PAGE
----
You may have some questions about divorce in Texas. Below I have provided answers to some common questions.
If you have any additional questions about divorce or need more information, please call me today at 682-234-2006 or email me to schedule your free initial consultation .
What do you mean by “uncontested divorce?”
When I say “uncontested” or “agreed,” I mean that you and your spouse agree to be divorced and agree to every single term of the divorce, including, for example, how you are going to divide property between yourselves, who will be responsible for what debts you owe, who the children will live with, who will make decisions regarding the children, who will pay child support and how much. Agreeing to every single term is, of course, easier if you have no children and very little property.
How long does the process take?
At minimum, slightly more than two months. It will usually take approximately two to three business days to draft your Original Petition and Waiver of Service. From the time, your Original Petition is filed, Texas law requires a 60-day “cooling off” period. Of course, if the parties can’t agree on the terms of the divorce, the process may be more detailed and, as a result, will take longer.
I live in another state, but my spouse lives in Texas (or I live in Texas, but my spouse lives in another state). Can I still file for divorce in Texas?
Yes, as long as one of the two of you have resided in Texas for the last 6 months or longer.
We’ve been separated for years, but never bothered to get legally divorced. I don’t know where my spouse lives now. Can I still get a divorce?
Yes. If you do not have children, as legal counsel, I can request that your spouse be served by posting. If you do have children, the court must appoint an Attorney Ad Litem for your children to perform a diligent search for your spouse. Attorney Ad Litem fees are in addition to any fees you pay to the Law Office of Sandra Thompson. I highly encourage you to attempt to locate your spouse’s address yourself before pursuing a divorce.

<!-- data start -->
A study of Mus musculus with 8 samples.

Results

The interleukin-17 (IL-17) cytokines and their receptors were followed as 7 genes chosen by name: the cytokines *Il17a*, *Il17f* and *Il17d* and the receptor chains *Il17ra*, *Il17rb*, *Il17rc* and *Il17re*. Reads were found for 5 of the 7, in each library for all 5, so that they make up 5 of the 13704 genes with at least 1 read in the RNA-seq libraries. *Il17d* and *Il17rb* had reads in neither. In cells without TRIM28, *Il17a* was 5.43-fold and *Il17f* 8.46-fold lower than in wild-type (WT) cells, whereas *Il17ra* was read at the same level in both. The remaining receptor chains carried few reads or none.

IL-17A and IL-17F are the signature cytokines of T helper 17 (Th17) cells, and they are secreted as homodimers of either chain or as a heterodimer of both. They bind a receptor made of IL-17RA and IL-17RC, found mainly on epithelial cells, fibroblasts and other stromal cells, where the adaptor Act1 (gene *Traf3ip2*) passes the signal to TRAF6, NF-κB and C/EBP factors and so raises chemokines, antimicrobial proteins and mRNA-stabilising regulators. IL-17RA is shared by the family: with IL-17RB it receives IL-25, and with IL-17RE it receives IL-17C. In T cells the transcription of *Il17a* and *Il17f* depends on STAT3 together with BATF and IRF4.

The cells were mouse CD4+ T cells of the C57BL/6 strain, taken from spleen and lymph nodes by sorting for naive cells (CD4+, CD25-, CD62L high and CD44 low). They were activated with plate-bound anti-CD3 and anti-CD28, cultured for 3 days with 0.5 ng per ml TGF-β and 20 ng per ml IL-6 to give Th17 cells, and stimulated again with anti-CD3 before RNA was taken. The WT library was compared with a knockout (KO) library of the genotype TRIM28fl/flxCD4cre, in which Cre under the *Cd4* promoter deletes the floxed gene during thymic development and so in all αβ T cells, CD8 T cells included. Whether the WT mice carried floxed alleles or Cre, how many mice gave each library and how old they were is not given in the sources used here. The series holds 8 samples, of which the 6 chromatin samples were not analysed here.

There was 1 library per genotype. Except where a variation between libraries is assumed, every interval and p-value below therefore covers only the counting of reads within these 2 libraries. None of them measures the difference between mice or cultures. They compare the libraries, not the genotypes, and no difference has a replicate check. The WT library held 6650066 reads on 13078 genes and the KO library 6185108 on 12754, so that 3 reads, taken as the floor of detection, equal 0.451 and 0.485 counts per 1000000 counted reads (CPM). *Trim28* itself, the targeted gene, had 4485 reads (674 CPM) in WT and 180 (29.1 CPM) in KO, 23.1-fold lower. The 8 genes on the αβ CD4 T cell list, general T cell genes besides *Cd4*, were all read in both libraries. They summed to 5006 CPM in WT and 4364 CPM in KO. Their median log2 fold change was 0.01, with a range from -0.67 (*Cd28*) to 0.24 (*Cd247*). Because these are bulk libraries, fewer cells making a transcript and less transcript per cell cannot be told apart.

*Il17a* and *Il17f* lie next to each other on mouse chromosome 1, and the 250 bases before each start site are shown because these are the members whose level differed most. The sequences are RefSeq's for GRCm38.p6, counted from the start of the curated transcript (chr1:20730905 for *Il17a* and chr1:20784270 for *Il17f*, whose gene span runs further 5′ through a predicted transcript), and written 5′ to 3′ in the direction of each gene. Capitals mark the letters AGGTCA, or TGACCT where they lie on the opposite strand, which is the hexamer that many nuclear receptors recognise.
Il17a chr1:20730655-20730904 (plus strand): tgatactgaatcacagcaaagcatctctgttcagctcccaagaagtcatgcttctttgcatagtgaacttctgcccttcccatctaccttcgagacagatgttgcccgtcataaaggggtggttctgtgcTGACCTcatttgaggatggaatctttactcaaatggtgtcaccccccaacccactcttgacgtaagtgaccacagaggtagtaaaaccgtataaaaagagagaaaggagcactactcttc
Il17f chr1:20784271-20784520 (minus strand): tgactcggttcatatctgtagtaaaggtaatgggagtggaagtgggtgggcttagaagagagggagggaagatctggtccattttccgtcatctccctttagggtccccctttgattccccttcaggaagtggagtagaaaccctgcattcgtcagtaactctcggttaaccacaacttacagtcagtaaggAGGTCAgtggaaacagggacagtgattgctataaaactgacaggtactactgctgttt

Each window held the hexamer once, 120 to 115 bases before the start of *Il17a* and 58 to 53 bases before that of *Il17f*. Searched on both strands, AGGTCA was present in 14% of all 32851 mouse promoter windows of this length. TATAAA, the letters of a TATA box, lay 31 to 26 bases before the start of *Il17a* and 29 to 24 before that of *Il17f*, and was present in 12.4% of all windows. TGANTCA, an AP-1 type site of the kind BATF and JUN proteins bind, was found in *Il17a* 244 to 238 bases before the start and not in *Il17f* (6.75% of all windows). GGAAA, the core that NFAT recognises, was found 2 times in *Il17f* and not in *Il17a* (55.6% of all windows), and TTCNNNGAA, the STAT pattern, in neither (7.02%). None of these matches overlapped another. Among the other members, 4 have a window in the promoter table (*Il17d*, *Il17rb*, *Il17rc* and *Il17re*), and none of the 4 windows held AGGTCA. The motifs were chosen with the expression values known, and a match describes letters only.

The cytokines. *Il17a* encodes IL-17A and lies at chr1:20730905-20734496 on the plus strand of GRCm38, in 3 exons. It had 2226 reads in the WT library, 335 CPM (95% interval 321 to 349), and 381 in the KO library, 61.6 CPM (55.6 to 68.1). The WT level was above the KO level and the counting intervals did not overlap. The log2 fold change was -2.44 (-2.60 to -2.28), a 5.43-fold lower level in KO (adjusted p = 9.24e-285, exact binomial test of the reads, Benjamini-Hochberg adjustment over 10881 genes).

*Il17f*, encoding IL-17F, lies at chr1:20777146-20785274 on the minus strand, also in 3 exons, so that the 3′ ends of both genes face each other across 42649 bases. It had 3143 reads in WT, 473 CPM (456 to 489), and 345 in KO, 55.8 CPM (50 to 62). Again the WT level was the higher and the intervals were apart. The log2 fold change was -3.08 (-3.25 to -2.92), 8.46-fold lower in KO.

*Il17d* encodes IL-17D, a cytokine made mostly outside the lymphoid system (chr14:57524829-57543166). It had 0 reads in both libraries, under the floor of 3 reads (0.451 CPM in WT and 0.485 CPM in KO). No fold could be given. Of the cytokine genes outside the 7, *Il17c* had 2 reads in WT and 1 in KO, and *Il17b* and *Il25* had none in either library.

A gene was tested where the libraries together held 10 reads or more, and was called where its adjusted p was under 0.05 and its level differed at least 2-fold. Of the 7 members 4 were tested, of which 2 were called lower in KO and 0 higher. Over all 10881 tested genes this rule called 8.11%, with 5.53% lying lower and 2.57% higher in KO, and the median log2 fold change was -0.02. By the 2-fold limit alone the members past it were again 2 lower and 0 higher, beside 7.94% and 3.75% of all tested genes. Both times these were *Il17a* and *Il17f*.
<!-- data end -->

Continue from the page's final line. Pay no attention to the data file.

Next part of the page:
Can my spouse and I agree that neither of us will pay child support?
Yes. Texas law requires a withholding order be entered with the court, but you may choose not to enforce this order.
Will one of us be served citation by the constable?
Not always. Often I can send your spouse a Waiver of Service. If your spouse signs this document in front of a notary and returns it, he/she will not need to be served.
Do I have to show up in court if we agree on everything?
Most likely. You will be listed as the petitioner on the divorce petition; therefore, you will have to show up in court for the “prove-up” hearing, although a few courts don’t require such a hearing if there is a signed Agreed Final Divorce document. For an uncontested divorce, this hearing should be relatively short and easy.
Does it matter which spouse files for the divorce?
Probably not. Except for some slight procedural advantages (the person who brings the case first gets to talk first), there is usually not much advantage to filing the divorce papers.
Do I have to prove fault of the other spouse to get a divorce?
No. You do not have to show fault to get a divorce in Texas, but if there is fault (e.g., adultery), it can sometimes be a factor in court, depending on the circumstances.
How is property divided in Texas?
The starting point is that the court presumes that all the property of the marriage is community property, and if you have separate property, you have to prove it by tracing it with “clear and convincing evidence.” The court divides the property in a “just and right manner.” What does this mean?
In most cases, it means a 50/50 split. In other cases, factors such as unequal earning power and fault in the marital relationship can affect the division of property. There is a reported case where a 90/10 split was deemed a just and right division; this case was upheld at the appellate level.
Can I get alimony?
Although getting temporary spousal support (while the divorce is pending) is very common, it is unusual to get post-divorce alimony. You can get post-divorce alimony only if you qualify, and an attorney’s advice would probably be necessary.